I’ll Always Make Love to the Mississippi.
my knees on the bluff.
I’ve disappeared into the current
of loving nothing
but tainted water lapping against rotten fish
against a rocky stream below the dam
of loving something so dirty.
If you get stuck -- that current
I hate days with no clouds, a blue sky.
I can never look at the reflection
without floaters in my eyes.
But god it’s so pretty as the sun goes down.
Those cotton candy skies that don’t dissolve
in water before 7pm in the summer
remind me that it doesn’t smell
from the bluff as it does down at the docks.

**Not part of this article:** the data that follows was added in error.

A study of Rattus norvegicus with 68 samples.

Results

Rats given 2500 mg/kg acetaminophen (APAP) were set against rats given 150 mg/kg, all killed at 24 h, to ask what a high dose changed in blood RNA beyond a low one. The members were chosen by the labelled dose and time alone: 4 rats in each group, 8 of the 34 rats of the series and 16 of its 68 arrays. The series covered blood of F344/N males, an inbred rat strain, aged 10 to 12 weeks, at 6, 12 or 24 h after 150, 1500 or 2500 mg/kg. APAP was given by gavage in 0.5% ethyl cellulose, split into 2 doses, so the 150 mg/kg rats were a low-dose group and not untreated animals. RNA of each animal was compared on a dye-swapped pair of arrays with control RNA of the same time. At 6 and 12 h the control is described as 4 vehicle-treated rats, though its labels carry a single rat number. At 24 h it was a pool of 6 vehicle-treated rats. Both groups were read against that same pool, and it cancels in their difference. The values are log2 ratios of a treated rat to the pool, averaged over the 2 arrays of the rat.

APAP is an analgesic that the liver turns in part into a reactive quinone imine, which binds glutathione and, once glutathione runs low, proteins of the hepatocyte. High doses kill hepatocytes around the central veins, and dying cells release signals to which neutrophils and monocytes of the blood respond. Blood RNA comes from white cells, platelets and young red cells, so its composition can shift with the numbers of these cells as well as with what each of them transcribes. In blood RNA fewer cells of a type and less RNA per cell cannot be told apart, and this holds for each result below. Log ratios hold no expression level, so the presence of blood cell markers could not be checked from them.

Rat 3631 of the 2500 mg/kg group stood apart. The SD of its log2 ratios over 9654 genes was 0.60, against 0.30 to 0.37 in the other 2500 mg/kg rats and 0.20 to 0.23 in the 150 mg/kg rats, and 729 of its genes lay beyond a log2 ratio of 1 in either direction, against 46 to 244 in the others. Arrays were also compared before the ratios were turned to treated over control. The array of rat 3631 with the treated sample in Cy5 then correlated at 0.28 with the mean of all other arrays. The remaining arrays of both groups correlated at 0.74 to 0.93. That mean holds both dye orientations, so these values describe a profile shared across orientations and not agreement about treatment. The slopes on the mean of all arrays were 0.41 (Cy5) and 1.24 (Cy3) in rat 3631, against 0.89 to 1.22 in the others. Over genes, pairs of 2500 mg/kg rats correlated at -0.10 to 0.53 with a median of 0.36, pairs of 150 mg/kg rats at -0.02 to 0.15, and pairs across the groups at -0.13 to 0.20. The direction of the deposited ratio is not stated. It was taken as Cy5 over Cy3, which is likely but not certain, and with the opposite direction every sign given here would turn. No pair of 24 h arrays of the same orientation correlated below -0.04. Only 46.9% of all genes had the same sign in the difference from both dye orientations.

When there was no Walmart, just neighborhood grocery stores. You would go around the corner from South 19th to buy your mom another pack of cigarettes but this time menthol because her throat was sore. When you could go into Keasling’s Pharmacy and reach your dirty fingers into the jar of jelly beans and grab as many precious beans as you could before the owner rattled her keys against the metal handle of her shopping cart she pushed around the store -- she couldn’t walk without it -- and yelled at you to pay for the candy or leave. During the days everyone did their shopping downtown. In the evenings everyone did their drinking downtown cruised up and down main street in their ‘74 Chevy Nova almost positively doing both at the same time downtown. Went a block off of downtown to go to the Palace and dance to the “Electric Slide”and piss on the shag carpets that covered the bar floor. During the work week you could get a bowl of chili with extra grease at 709 Main at the Grand Lunch. You sold shoes downtown, modeled for Vogue downtown, got off work and went to the casino above the bar downtown, took your wife to a movie downtown, made your kid pick your husband up from the bar downtown, forced your kid to stay for one more drink downtown, ended up walking home from downtown -- going back downtown again Saturday -- waking up for church on Sunday --going downtown for work again on Monday. Now you sit in a coffee shop downtown at 709 Main in 2020 and drink your coffee, your smoothie, your bubble tea -- no grease with extra chili -- a man sitting in the corner writing, two girls ordering caramel brûlée lattes at the counter talking about the football game that night and how Jake might ask the blonde girl to homecoming in the same high school you went to games and asked girls -- got asked by boys -- to homecoming.